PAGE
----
The exposure of human bodies has been a practice that has existed since ancient times, although the way in which it has been carried out has changed throughout history. In ancient times, mummification was practiced in some cultures, while in others the bodies of enemies fallen in battle were exposed.
The exhibition of human bodies for educational or scientific purposes began to take shape in Europe during the 18th century, when the first anatomy academies were established.
Today, the exhibition of human bodies has become a global phenomenon, with exhibits showing whole bodies or parts of the human body dissected and preserved. These exhibits are presented as an opportunity to learn about human anatomy and health, but they have also generated controversy and criticism for the way the bodies are obtained, the respect for the deceased and the ethics behind their display.
Tissue preservation techniques used in human anatomy
There are several tissue preservation techniques used in anatomy for the preparation of specimens for study, teaching and long-term preservation. In the case of preserving blood vessels, some of these techniques are:
Plastination is a tissue preservation technique developed in the 1970s by the German anatomist Gunther von Hagens. In plastination, a process of dehydration and fluid replacement is used to replace tissue fluids and lipids with plastics or synthetic resins, creating a permanent sample of human or animal tissue.
Corrosion molding is a technique used in anatomy to create a three-dimensional replica of blood vessels and other duct systems in the human or animal body.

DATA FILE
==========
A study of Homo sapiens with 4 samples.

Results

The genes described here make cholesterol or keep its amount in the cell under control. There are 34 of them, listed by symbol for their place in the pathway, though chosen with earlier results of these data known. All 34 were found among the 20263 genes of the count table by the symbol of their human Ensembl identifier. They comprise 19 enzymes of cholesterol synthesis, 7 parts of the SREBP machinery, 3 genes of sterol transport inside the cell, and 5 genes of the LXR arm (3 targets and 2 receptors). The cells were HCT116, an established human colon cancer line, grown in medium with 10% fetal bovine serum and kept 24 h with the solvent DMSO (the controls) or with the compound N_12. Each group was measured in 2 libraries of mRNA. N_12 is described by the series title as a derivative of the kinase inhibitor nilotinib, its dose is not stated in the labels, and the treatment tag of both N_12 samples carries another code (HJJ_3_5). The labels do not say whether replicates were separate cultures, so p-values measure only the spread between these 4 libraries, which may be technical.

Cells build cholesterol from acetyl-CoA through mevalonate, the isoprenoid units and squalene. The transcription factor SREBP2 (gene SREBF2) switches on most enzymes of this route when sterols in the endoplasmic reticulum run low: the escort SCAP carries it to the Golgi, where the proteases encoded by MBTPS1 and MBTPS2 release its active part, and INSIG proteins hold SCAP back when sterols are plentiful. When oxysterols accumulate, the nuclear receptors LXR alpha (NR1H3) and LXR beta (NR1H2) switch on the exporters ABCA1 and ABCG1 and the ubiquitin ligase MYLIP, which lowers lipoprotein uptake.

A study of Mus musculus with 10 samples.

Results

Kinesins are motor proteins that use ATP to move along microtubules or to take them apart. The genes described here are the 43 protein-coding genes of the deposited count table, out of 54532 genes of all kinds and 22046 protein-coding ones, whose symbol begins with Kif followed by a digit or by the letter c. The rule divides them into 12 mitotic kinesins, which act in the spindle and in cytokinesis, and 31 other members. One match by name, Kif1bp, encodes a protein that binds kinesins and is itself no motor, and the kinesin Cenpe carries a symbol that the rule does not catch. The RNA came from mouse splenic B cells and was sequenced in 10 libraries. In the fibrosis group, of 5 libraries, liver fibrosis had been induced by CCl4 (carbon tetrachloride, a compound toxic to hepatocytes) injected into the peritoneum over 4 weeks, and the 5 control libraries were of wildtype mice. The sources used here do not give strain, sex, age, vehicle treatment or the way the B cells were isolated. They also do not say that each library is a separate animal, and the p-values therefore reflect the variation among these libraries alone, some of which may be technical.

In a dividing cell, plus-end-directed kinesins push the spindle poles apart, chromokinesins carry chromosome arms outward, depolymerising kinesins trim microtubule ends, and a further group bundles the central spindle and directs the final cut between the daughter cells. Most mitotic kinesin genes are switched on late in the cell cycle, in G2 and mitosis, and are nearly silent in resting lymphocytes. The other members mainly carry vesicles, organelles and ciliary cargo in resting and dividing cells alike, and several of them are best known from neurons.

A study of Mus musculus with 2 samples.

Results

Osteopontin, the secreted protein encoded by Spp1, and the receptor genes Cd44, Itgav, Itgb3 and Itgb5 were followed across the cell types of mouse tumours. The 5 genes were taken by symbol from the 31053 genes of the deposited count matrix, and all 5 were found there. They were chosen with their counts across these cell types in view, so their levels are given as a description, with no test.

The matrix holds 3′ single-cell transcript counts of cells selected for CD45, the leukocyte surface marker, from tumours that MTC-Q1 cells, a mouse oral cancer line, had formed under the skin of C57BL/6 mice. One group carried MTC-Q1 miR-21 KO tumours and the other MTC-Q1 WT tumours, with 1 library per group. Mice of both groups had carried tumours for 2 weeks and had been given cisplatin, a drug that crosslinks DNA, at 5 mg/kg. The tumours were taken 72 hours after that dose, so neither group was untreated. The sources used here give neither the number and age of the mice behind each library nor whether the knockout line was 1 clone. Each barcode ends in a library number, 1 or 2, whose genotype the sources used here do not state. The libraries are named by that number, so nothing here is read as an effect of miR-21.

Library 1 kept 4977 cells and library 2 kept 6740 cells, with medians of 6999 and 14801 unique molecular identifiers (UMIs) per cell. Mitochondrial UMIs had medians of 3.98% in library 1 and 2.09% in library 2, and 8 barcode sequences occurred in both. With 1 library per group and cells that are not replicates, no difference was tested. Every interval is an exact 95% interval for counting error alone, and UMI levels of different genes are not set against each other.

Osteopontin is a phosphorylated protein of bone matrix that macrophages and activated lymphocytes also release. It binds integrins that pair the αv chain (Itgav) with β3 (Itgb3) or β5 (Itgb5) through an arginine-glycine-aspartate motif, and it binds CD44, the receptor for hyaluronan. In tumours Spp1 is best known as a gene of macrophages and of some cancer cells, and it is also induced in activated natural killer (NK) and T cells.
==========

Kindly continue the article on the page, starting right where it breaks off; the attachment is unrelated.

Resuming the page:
In this technique, a liquid plastic or metallic material is injected into the duct system and, once the material solidifies, the tissue is immersed in a chemical solution that dissolves the soft tissue and exposes the three-dimensional cast of the duct system. This process is known as “digestion” or “corrosion” of the soft tissue, and may take several days or even weeks to complete.
Once the soft tissue has been dissolved, an exact replica of the body’s blood vessels and other duct systems is obtained in their original three-dimensional structure. This replica can be studied and used in teaching and research in anatomy, physiology and pathology.
Corrosion casting is a valuable technique in vascular disease research, as it allows detailed visualization of vascular structures and can be used to study the relationship between the structure and function of blood vessels and other conduit structures in the body.
Luminal casting is a technique in which a liquid or polymer is injected into the blood vessels to create a three-dimensional mold of them.
These are just some of the techniques used for the preservation of tissues for study in anatomy. The choice of technique will depend on the type of tissue, the purpose of the preparation and the method of study to be used.